Let no unwholesome word proceed from your mouth, but only such a word as is good for edification according to the need of the moment, so that it will give grace to those who hear. Ephesians 4:29
In travelling, we meet and talk to many people. We tend to forget short routine conversations, but those that touch life we always remember.
My phone rang seconds after I called for a taxi.
“Hi, my name is Dariush (not his real name). Is this Jonan? I’m picking you up at The Hub, in front of Japan Mart,” the voice said on the other end.
“Yes, Dariush. This is Jonan. How far are you from our pickup point?”
“I’m eight minutes away, Jonan. I will call you once I enter the Hub’s driveway.”
“That’s great! See you shortly, Dariush.”
Dariush was courteous and conversant as he helped me with the three pieces of luggage, averaging 25 Kg each. “It looks like you’re packed for a long holiday, Sir,” he commented.
“Yes, we are,” I replied, “it’s been many years since we travelled overseas as a family.” He helped me lift the last luggage into the boot.
Cruising through the Hub’s driveway towards the exit to Carmen Road, Dariush asked, “Where are you heading for holiday, Jonan, if you don’t mind my asking?”
Perhaps I was excited that I replied, “The Philippines” before he even finished asking.
“That’s a great place to escape our cold winter here,” Dariush said and showed a “happy-for-you” eyes. Despite his mask, I can sense a smile that matches his cheerful eyes.
“When was the last time you visited your home country?” he asked.
“It’s been a decade. We were supposed to go two years ago, but the lockdowns happened.”
“How about you, Dariush?” I asked. “From what country are you originally, and how long have you been here in New Zealand?” I thought it was my turn to ask.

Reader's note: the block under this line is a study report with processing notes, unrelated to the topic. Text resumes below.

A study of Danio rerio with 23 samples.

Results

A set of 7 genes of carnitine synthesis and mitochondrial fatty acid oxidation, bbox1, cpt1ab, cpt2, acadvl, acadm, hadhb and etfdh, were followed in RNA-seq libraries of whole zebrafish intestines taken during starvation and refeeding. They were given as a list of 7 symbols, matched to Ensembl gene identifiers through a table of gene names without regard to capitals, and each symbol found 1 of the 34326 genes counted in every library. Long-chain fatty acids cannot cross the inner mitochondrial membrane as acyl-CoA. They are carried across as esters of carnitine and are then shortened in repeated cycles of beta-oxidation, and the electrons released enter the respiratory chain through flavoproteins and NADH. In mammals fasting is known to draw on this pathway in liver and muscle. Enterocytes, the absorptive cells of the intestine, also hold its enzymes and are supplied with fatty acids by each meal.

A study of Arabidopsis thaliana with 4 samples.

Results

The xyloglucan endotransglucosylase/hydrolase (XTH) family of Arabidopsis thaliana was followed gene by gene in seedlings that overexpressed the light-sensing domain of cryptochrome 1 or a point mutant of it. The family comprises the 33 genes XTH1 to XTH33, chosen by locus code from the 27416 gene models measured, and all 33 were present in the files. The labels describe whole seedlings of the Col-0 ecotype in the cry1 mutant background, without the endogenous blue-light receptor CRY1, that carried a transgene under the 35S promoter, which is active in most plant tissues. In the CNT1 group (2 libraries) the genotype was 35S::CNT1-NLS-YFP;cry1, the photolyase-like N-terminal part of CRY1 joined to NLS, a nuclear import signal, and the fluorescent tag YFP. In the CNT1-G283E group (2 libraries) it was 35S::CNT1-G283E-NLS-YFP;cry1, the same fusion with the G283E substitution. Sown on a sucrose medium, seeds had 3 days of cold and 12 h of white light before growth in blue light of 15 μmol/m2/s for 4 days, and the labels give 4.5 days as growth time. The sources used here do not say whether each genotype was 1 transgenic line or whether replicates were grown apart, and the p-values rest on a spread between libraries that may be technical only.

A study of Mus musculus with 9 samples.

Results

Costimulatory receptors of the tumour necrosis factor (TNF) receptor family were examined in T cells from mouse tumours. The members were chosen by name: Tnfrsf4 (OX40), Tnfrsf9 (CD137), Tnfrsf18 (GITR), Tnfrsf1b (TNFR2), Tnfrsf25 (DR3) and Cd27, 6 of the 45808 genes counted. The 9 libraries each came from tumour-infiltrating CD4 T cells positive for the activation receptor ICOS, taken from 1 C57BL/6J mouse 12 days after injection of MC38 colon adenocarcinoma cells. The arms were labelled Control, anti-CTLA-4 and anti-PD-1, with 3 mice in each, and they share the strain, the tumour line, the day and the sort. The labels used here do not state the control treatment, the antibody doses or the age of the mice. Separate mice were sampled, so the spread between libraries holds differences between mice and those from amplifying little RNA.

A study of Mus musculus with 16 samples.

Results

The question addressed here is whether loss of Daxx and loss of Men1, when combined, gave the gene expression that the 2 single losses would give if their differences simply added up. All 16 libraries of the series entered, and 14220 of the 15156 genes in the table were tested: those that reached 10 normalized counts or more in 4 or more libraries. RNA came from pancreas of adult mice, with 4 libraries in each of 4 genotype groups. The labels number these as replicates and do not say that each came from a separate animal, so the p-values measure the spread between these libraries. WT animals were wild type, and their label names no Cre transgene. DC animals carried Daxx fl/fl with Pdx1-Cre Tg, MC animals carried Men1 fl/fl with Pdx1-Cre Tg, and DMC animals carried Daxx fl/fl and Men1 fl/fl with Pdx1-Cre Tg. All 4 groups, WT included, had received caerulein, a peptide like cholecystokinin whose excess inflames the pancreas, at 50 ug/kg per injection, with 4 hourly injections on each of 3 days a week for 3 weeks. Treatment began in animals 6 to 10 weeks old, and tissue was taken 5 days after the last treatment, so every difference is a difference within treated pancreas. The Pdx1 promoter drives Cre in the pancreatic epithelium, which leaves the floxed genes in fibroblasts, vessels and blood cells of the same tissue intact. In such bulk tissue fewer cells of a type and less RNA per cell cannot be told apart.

“I’m from Afghanistan originally. I came to New Zealand four years ago, ” Dariush replied.
“Afghanistan… wow.” I paused. I don’t know what to say.
My first thought was to say sorry for what happened to his country, but my pastoral care training reminded me never to assume.
It seemed ages before I asked, “Is driving a taxi your main job, or you’re just earning extra this Sunday?”
“I’m working full-time. I own this car, which I affiliated with a taxi company,” Dariush replied.
“I have dreams, Jonan,” he continued, “I was a medical student for two years in Kabul, but then I quit as times were getting hard.” It was timely I was able to come to New Zealand.
“Why not pursue your dream now that you’re here?”
“My English isn’t that good. I don’t think I will be admitted,” Dariush said.
Before I could respond, he stopped his taxi. We have reached our destination. We unloaded our luggage.
As soon as Dariush closed the car boot, my wife handed him our fare.
“Thank you very much for your service, Dariush!” I shook his hand.
“My pleasure, Jonan. Have a safe trip and you all enjoy your holiday”
On the eve of our flight to the Philippines, I hardly slept because we need to be at the airport by 3:00 AM.
As I lay in bed to let the hours gone by, I thought about Dariush and his family, the uncertainties they are facing. I prayed for him and his family.
The eight-minute ride was so short. I wasn’t able to finish our conversation with a blessings. So, I sent him a text message.
Good morning, Dariush! Jonan, here. Thank you for picking us up yesterday and bringing us to our accommodation. Also, thank you for sharing about you and your family. I want to encourage you to continue and persevere to attain your life goals. You can make it, brother. God bless you and your family.
Hi Jonan. Thanks for your kind words. 🙏I’m trying my best to make it and to own a business. And again, I wish you a very safe journey ahead. Hope to see you again soon.